Ebonique Little, Spectrum Editor
Shani Barrax Moore, director of diversity and inclusion at University of North Texas, held her face mask closely to the camera on a Zoom call to convey a powerful written message — “Legalize Blackness.”
“I’m here because I don’t want my two daughters to experience the same sort of oppression and marginalization at the hands of white women as I have,” Barrax Moore said. “And, in effect, I’d like Blackness to be legalized and not demonized.”
VCU Student Government Association, Graduate and Professional Student Programming Board and Graduate Student Association hosted a virtual panel discussion about allyship between white and Black women on Monday night.
The event, titled “Women of Color Need Courageous Allies in the Academy: An Open Dialogue Between White and Black Women,” was moderated by Holly Mendelson, co-publisher of Insight Into Diversity magazine. The conversation surrounded condescending treatment by employers and how white and Black women engage with one another in professional and academic settings.
Here are the highlights from the discussion and tips on how to navigate issues of recognizing unconscious bias, performative allyship and white self-discovery.
Dismantling internalized dominance
Realizing the damage one has done onto another by regarding them as inferior requires courage and honesty, said Jennifer Laflam, panelist and professor at American River College. Laflam said these imbalances in power have dated back to slavery, when white women used unfounded claims, largely surrounding sexual abuse and harassment, to wield power over Black men.
“As I explored and continue to explore my own white racial identity and discover the internalized dominance that I hold as part of that identity,” Laflam said, “I’ve learned how it’s based on dishonesty, broken connection with people of color and other white people, and really come to learn about the damage that that has caused my own sense of humanity.”
Laflam said she and other white women have to begin with self-love. People will only have the capacity to love and respect others if they start with themselves.
Fostering difficult conversations about race
Many people shy away from tough conversations in fear of saying the wrong thing, said Karen Dace, panelist and vice chancellor for diversity, equity and inclusion at Indiana University.
However, she urged Black women to speak their minds freely and be comfortable in their feelings in order to create meaningful change. Those on the receiving end have to let their guard down and be prepared to accept the message regardless of how it’s delivered. Strong reactions may be the result of pent-up emotions.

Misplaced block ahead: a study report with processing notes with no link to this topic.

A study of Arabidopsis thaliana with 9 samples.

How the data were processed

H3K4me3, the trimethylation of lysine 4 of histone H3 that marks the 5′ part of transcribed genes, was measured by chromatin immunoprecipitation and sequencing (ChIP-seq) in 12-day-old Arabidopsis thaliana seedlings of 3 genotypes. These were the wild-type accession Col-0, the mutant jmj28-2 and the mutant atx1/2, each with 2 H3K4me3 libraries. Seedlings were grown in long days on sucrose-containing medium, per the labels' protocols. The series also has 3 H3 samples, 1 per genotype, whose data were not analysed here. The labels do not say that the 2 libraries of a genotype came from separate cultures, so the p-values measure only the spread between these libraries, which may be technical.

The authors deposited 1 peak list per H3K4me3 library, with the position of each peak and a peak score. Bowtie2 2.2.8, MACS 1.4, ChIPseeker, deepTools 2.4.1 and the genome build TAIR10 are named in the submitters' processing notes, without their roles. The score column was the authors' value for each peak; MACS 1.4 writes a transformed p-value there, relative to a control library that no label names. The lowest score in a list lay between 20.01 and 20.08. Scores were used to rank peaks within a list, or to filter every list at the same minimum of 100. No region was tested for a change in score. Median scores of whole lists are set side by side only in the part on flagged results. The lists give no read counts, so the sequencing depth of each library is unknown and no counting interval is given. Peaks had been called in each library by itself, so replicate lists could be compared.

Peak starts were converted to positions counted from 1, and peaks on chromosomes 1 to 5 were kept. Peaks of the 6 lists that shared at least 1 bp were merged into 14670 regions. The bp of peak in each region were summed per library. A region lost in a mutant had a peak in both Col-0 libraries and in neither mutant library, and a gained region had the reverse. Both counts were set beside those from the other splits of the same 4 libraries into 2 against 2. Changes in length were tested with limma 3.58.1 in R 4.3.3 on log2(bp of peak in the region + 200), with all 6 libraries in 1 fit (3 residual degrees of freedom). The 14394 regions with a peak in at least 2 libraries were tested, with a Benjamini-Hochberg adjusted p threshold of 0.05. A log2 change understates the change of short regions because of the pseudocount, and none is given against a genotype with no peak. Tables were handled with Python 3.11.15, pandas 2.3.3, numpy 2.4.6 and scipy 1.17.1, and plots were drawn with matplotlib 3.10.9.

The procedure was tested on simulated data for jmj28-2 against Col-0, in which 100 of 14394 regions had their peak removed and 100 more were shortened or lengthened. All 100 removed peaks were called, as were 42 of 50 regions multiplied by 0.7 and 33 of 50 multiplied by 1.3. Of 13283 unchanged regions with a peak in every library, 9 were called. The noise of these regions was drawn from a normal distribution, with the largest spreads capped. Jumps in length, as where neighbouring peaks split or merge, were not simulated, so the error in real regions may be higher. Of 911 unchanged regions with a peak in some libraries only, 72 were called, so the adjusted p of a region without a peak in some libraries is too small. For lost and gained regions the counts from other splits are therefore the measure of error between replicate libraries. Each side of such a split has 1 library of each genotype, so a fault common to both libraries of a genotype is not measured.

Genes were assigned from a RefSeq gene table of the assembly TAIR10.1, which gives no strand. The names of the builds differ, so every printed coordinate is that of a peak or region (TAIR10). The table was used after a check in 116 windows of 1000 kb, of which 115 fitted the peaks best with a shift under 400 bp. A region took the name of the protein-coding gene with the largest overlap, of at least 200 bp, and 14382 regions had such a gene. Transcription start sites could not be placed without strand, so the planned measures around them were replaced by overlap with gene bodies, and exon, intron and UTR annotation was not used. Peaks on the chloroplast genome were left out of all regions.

“We should not assume that it’s always possible for Black women to tailor their communication or a message in a way that it can be heard by white folks,” Dace said. “Very often, that message is not what folks want to hear.”
Barrax Moore, who also sat on the panel, added that it can be selfish to disengage from these types of conversations, as it does a disservice to minority women.
“That is the tool that has been used against women of color to silence us and put our masks back on,” Barrax Moore said.
Understanding cultural humility
According to Barrax Moore, cultural humility is acknowledging the presence and importance of different perspectives.
“Sometimes, people hear things through their own lens,” Barrax Moore said. “This is where that humility comes in and acknowledging that … no one can ever really tell another person what their lived experience is.”
Microaggressions may seem small, but they affect people of color regularly and can have a loaded impact.
“With humility, you have to realize that sometimes you may get called out if the person has been triggered,” Barrax Moore said. “Humility tells you that it may not necessarily be all about you.”
Guiding your own self-reflection
Barrax Moore suggested free online resources that can be used to assess one’s understanding of diversity, equity and inclusion efforts.
The Racism Scale helps users identify their own bias using a scale, ranging from from “denial” to “terrorism.” The White Racial Identity Model, developed by psychologist Janet Helms in 1990, can help white people quantify their identity and the way they perceive people of color. The model explains the behaviors at each particular stage of identity.
Dace said addressing systemic racism is a lot of work, but she urged the audience to stay the course.
“While you might not change the world, you might change somebody else’s world,” Dace said.